The OA Season 1 spoiler-free review - a bold and moving mystery - SciFiNow - The World's Best Science Fiction, Fantasy and Horror Magazine

The OA Season 1 spoiler-free review – a bold and moving mystery

Get ready to be obsessed by Netflix’s latest mystery series The OA

If you’ve seen Brit Marling’s previous genre work Another Earth and Sound Of My Voice, you’ll have some idea of what to expect from her latest collaboration with her SOMV and The East co-writer and director Zal Batmanglij. Their eight-part Netflix series The OA (with each episode directed by Batmanglij) sees the duo take an ambitious step into long-format storytelling while absolutely retaining their authorial voice to create something that’s bold, moving and thrilling in its confidence and sheer unpredictability.

It’s also extremely difficult to talk about because the whole story doesn’t really become clear until approximately halfway through the series, but we’ll do our best. We’d advise knowing as little as possible, so you could always just cast your eyes left to look at the star rating, but if you’d like a bit more information, here we go…

Marling stars as Prairie, a woman who abruptly reappears after being missing for seven years. She has also inexplicably regained her sight, and she now calls herself The OA. Her parents (Alice Krige and Scott Wilson) eagerly bring her home, but she’s reluctant to talk to anyone about what happened to her. Until, that is, she meets a troubled, violent teenage boy named Steve Winchell (Patrick Gibson). She convinces him to bring four others to an empty house in her neighbourhood, and that is where she begins to tell her incredible story…

As previously mentioned, The OA is very much a Marling-Batmanglij project. There’s that incredible warmth and depth of feeling, that beautiful cinematography (from their regular collaborator Lol Crawley) and music (by Rostam Batmanglij, Danny Bensi, Saunder Jurriaans and Jay Wadley), and that fascinating way they manage to present an earnest lack of cynical self-awareness while simultaneously wrong-footing the viewer and every turn and leaving them completely unsure and untrusting of the storytelling. It can soar, and it can bring you back down to earth with a thump.

Divided into chapters of differing lengths, the show plays with format and structure with an excitement that’s contagious. There are also moments that require the viewer to take a big leap, and it’s easy to imagine that some won’t be won over by where The OA is going. It’s reminiscent of 2015’s Sense8 in its absolute confidence in its storytelling and its message, and in the way that the people who love it will really, really love it. Others will not, but we certainly did (just in case that star rating’s not a dead giveaway).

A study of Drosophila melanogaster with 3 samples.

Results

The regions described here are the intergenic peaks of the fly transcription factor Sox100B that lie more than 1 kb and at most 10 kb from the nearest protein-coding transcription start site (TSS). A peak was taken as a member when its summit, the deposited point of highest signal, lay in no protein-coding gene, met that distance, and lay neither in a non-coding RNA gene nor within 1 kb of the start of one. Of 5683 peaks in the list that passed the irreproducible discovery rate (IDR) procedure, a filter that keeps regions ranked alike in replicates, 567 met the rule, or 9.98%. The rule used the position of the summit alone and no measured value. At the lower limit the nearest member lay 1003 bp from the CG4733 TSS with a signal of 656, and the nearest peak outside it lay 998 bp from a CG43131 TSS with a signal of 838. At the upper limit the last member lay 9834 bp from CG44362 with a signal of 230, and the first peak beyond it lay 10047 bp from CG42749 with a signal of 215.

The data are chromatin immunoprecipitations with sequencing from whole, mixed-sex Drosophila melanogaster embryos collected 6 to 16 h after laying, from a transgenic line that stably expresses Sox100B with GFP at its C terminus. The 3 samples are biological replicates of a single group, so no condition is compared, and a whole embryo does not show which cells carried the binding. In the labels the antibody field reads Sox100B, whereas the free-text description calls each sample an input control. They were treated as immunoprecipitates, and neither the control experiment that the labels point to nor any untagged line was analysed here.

As in Sound Of My Voice, Marling plays a charismatic woman who gathers a group of believers around her to tell a story that requires the listener to believe in the impossible, but while that film was told from the perspective of two people who were out to debunk a cult leader, this comes from a much more emotional place, and her performance anchors the show while giving it the right level of unpredictability and danger. She’s fearlessly open one moment, and totally unreadable the next.

There’s a real tenderness to the portrayal of every character in the series, and a rawness too, particularly in the case of Gibson’s Steve. The young actor’s performance is absolutely sensational, and there’s a superb ensemble cast backing him up.

Phyllis Smith (The Office, Inside Out) is fantastic as a jaded teacher who finds a new purpose in her relationship with The OA and her disciples, while Emory Cohen (Brooklyn) uses his blend of charismatic sweetness and emotional honesty to great effect. Jason Isaacs is on top form as a driven scientist and Riz Ahmed gives an understated turn as an understanding FBI psychiatrist. The really striking performances, however, come from the group of younger actors. Gibson gives the really eye-catching, breakout turn but Brandon Perea, Ian Alexander and Brendan Meyer are all excellent.

The OA won’t be for everyone. There are big jumps taken, and some of them are harder to go with than others. However, it’s so exciting to see a show that is so bold and broad in its scope and so emotional and nimble in its writing. It should also be noted that it is absolutely compulsive viewing as each episode peels back another layer of the mystery and takes us in unexpected directions. We hope that Batmanglij and Marling get the chance to return to this tale.

The OA is now streaming on Netflix. Read our interview with Brit Marling here and keep up with the latest genre news with the new issue of SciFiNow.